Study: Homosexuality determined at birth

"Understanding the structure gives you a sense of function," says Professor Michael Sneary.

Sneary is referring to the brain scans of a straight male and female and a gay man and a lesbian.

Colored areas in his diagrams show that straight male's brains are similar to those in the lesbian's and gay male's brain activity is similar to that of a straight woman's brain.

The scans were provided by the Karolinska Institute where this research was conducted with 90 subjects.

Doctor Michael Sneary is a neurobiologist at San Jose State University.

"They're shaped like each other and if the structure of the two sides are structurally similar in homosexuals and in women, it's a reflection that they function in the same way," says Sneary.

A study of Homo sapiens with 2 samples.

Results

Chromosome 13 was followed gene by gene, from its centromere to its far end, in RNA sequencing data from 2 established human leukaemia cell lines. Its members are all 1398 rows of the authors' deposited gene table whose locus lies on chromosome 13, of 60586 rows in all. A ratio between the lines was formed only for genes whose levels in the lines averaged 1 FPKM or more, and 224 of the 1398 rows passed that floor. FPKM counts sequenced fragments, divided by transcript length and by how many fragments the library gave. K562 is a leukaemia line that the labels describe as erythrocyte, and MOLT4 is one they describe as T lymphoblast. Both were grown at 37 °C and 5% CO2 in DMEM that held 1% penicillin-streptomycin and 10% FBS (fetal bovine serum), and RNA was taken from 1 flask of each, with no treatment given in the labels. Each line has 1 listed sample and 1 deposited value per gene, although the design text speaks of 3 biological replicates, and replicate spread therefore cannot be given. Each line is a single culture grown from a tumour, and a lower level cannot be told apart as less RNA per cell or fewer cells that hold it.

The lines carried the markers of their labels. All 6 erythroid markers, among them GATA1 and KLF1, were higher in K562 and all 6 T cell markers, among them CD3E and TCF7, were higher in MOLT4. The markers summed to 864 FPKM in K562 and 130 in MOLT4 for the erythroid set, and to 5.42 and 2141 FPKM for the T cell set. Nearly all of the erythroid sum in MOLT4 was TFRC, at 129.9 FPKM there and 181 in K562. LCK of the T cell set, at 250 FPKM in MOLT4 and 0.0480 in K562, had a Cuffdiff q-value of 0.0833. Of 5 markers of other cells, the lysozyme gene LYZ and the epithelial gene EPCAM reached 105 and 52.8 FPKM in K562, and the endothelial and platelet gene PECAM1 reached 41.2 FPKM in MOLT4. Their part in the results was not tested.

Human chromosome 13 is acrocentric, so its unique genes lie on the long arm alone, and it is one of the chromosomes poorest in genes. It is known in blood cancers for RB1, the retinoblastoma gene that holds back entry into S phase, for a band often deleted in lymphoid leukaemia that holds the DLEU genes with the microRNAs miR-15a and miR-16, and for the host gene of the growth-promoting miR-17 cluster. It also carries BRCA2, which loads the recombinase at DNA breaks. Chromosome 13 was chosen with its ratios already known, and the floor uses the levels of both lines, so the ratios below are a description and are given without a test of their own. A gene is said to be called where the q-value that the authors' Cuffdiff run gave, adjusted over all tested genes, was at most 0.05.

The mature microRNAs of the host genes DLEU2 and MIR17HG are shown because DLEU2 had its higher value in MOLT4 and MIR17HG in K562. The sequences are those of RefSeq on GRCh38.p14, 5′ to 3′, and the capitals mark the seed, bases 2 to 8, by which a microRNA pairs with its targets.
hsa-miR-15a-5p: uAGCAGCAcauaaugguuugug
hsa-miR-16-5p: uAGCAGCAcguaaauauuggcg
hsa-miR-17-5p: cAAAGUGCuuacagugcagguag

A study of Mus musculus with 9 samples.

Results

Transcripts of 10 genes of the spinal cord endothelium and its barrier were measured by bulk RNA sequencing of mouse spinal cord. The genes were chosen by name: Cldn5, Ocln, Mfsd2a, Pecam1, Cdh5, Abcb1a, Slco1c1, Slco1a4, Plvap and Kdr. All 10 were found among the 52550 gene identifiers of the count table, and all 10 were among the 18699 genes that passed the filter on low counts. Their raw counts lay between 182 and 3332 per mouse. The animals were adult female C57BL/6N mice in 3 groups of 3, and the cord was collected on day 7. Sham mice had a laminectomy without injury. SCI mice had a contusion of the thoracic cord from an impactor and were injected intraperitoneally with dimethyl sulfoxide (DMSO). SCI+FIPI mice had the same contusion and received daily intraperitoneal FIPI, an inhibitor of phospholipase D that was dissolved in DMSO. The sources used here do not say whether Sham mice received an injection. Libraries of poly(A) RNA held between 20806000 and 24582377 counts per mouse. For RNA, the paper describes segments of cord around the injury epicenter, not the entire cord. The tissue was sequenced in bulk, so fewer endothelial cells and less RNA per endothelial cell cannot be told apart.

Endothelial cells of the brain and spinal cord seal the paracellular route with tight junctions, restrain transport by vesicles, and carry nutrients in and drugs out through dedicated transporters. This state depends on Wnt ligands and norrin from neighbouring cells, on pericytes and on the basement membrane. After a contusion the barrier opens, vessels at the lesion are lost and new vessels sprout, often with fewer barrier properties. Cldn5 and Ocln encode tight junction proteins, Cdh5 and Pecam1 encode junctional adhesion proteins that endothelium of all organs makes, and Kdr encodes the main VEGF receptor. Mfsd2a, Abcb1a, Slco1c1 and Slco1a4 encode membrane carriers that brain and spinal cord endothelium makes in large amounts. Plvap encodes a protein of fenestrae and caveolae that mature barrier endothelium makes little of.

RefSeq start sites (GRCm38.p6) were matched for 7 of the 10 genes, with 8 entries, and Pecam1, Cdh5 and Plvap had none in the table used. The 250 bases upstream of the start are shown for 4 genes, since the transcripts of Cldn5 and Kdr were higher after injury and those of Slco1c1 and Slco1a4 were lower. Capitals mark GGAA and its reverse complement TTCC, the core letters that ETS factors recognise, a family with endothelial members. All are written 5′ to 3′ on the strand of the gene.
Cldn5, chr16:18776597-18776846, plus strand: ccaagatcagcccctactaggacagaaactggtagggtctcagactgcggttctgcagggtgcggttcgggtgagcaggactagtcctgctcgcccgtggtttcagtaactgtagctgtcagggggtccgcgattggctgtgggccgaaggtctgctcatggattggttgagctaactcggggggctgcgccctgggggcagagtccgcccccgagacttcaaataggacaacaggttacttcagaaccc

The Swedish researcher, Ivnaka Savic, says she and her colleagues chose to measure areas of the brain likely to have been fixed at birth.

"This is the most robust measure so far of cerebral differences between homosexual and heterosexual subjects," says Ivnaka Savic.

They say the scans reveal that in gay people, key structures of the brain governing emotion, mood, anxiety and aggressiveness resemble those of straight people of the opposite sex.

"That was the whole point of the study, to show the parameters that differ, but which couldn't be altered by learning or cognitive processes," says Savic.

The study finds hetero and homosexuality is fixed at birth.

"I think this is just more evidence that the behaviors are linked to things that are hardwired at birth," says Sneary.

Sneary finds the study beneficial for medical science. He says understanding the structure of the brain improves our understanding of its function, which could lead to new therapeutic treatments.

The Swedish researchers do acknowledge that these differences in the brain could be inherited or result from abnormally high or low exposure to sex hormones such as testosterone.